By Todd Ceisner
BassFan Editor

While it may be his name incorporated into the boat wrap next to the driver’s seat and emblazoned across the upper back of his tournament jersey, Patrick Walters has hardly been alone in his quest to reach the Bassmaster Elite Series.

When talking about his rise through the college fishing ranks and recent success in the Bassmaster Opens, seldom does Walters refer to “I”. More often, it’s about the work “we” put in and the good things that have happened to “us”.

“It’s about my family, fans, sponsors,” Walters says when asked to reveal who all he was referring to. “Nobody in their right mind can do this by themselves. It’s a 24/7 thing and even though all of the stats are based on me, I couldn’t be there without their backing. It’s always a team effort.”

To call the 2019 Elite Series rookie humble would be a severe understatement, but don’t let his southern charm fool you. He’s the next in a growing procession of pros who’ve tasted success at the college level, then carried it over to the semi-pro ranks before earning a spot to compete on the top rung of the sport.

Walters won the 2015 FLW College Fishing national championship as a freshman at the University of South Carolina, then captured the win at the Red River Central Bassmaster Open earlier this year. He placed 9th in Central Division points and 15th in the Eastern Division.

At 24, he’ll be among the youngest anglers in the Elite Series field next year, but he’s got a polish and presence that’s far beyond his years. That’s a product, he says, of being “all in” on bass fishing since high school.

“It’s a dream come true and this is what I’ve worked toward,” he said. “This generation of guys going pro, it’s like travel baseball. The families have devoted time to it and it’s a year-round thing. That’s what I’ve done with fishing. I’ve always hunted and fished, but fishing is what I’ve lived for. When I realized you can make it as a pro, I was all in. The main thing is the support and family backing. Without people who back you, I wouldn’t be here today.”

He said his dad played the biggest role in shaping him as an angler. They have fished countless team tournaments together and he’s traveled with him on the Opens circuit.

“We started saltwater fishing and I got into bass in sixth or seventh grade,” he said. “That’s when I fished my first tournament. It was a Fishers of Men event. Just the controlled chaos of the blast off. I’d never experienced anything like it. When we got home, I told my dad we have to get into bass fishing.”

Ready for Prime Time

Walters knows he’s entering the pro ranks at a time of unprecedented change in the sport, but he’s excited for the new opportunities that exist from a competition and exposure standpoint.

“A lot of space has opened up,” he said in reference to the exodus of anglers who opted to join the Bass Pro Tour. “People say someone has to fill their shoes. Well, I’m bringing my own shoes. More space has been created. When you look at the college level to BFLs to the Opens and the pros, it was a big bottleneck. I think adding a third tour is great. It’s opened up more opportunity.”

Asked if he was surprised he qualified at such an early juncture of his career, he said he was.

“Yes and no,” he said. “Yes, because we finally made it to the Elites. It’s bittersweet, though, because I wanted to fish against my idols. I’m still fishing at the top level. I’m not surprised because I wouldn’t have signed up if I didn’t believe I had a chance to make it at the next level. You have to know you’re going to make it. Otherwise, why sign up for the Opens?”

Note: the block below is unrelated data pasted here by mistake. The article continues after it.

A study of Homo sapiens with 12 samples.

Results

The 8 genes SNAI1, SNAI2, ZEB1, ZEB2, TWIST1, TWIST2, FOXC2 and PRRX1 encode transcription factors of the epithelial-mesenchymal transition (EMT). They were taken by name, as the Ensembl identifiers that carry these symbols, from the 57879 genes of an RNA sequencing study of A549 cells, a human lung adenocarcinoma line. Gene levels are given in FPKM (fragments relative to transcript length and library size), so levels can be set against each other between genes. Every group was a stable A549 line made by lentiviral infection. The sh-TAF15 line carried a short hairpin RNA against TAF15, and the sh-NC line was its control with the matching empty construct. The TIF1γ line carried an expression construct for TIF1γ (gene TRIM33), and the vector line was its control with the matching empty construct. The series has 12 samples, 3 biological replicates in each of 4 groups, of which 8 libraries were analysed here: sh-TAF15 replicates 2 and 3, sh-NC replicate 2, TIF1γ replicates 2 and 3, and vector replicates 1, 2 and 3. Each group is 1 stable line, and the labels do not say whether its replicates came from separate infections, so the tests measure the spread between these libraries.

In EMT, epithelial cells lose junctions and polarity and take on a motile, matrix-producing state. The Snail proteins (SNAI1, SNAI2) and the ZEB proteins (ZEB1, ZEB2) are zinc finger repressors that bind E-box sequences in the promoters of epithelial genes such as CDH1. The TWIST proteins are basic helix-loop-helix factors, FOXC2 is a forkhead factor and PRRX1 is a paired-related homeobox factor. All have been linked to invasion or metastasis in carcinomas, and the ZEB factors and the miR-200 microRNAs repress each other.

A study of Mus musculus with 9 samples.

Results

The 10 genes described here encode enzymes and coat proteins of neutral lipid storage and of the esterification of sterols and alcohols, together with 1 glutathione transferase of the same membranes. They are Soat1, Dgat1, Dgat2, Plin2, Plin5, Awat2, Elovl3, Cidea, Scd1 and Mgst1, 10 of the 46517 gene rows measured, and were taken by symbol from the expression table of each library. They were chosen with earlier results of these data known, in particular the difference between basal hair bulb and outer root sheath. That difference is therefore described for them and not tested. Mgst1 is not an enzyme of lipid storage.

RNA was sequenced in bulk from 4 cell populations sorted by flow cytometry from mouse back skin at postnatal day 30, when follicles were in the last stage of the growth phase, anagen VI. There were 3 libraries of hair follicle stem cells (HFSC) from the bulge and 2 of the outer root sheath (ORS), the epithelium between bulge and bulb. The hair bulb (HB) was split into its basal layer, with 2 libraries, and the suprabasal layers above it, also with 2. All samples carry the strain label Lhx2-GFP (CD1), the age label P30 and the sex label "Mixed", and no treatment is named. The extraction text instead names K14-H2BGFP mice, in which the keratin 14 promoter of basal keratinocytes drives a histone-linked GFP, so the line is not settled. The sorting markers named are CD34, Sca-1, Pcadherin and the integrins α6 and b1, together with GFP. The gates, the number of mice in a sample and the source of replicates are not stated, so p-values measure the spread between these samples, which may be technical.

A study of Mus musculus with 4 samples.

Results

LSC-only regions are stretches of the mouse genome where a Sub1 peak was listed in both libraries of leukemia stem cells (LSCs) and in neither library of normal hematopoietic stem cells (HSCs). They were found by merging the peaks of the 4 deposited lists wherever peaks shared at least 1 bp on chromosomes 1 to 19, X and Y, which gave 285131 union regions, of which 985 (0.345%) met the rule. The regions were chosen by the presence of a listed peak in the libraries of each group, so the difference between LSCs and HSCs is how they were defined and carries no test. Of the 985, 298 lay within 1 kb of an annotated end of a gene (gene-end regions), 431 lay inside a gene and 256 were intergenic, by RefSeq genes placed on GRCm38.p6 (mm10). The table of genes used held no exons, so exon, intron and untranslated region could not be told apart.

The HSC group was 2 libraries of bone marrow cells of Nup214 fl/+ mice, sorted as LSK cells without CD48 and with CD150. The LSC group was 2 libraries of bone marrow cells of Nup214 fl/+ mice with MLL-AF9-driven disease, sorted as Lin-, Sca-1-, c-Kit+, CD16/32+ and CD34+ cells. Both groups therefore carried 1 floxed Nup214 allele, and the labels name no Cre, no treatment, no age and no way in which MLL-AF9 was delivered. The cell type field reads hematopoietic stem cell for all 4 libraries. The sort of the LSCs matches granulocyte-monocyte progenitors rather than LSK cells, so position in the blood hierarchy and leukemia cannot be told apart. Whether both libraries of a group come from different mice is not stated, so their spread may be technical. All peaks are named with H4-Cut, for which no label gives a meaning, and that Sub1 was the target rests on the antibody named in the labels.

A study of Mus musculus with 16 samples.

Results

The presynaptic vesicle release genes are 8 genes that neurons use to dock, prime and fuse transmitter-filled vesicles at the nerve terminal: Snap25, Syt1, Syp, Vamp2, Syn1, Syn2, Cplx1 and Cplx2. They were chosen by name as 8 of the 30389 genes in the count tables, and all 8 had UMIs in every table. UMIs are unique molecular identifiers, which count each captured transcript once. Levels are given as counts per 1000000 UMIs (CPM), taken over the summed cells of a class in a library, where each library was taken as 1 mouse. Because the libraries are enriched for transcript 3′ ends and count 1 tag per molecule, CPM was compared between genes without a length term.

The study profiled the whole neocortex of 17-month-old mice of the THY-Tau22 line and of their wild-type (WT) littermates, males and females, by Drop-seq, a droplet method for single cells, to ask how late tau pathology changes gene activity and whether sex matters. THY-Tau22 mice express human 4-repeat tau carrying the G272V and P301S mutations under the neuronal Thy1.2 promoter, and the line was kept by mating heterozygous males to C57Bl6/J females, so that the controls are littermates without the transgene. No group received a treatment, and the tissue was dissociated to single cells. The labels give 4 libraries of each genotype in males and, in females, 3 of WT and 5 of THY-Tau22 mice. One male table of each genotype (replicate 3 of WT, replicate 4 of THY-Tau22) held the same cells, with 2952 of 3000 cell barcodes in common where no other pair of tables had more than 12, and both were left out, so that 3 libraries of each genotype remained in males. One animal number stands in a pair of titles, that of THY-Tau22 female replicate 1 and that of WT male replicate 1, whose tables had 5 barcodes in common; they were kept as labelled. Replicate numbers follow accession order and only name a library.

He nearly qualified for the Elite Series in 2017 after finishing 8th in points in the Northern Opens, but wound up two points short. In hindsight, he’s glad things worked out the way they did.

“I had one semester left in school and finished 5th in the first Open,” he said. “I just had fun and I figured if I did decent in next two, I’d make the Elites. The next two (tournaments) were at the James Rivers and Douglas Lake and I went for layups. I tried for limits and consistent fish.”

He took it as a learning experience and came back this year with a renewed focus.

“It happened for a reason,” he said. “It was just not my time. I still had school left, but I took it hard. I tried to play it too safe. The tournaments where I just have fun and go fishing, everything falls into place.”

Glass Half Full

Walters says there isn’t anything that necessarily scares him about moving up to the Elite Series. He’s mostly concerned about being prepared for every event and getting accustomed to the rules and aa feel for how a tournament week goes.

“Not that it worries me, but I always stress about needing to catch ‘em,” he said. “That’s why I always put so much time in on preparation. Nobody prepares to go out and zero. We all want to make the final day. You have to have 100 percent confidence in your equipment and you have to know you’re going to catch ‘em today. It not might not be until 2 p.m., but it’s going to happen.”

He said he always tries to keep that same glass-half-full mindset no matter what the circumstance.

“I’m always optimistic, like everything’s good,” he said. “No matter what’s going on in life, there’s always a positive in it.”

He’s a big fan of river fishing – he lives 25 minutes from the Cooper River in South Carolina – but he’s especially keyed up to visit nearby Winyah Bay in April. Walters won a Bassmaster College event there in 2017.

“I’m looking forward to St. Johns, too,” he said. “There’s not a tournament I’m dreading. I’m not putting all of my eggs into one basket. I will try to win them all, not just Winyah.”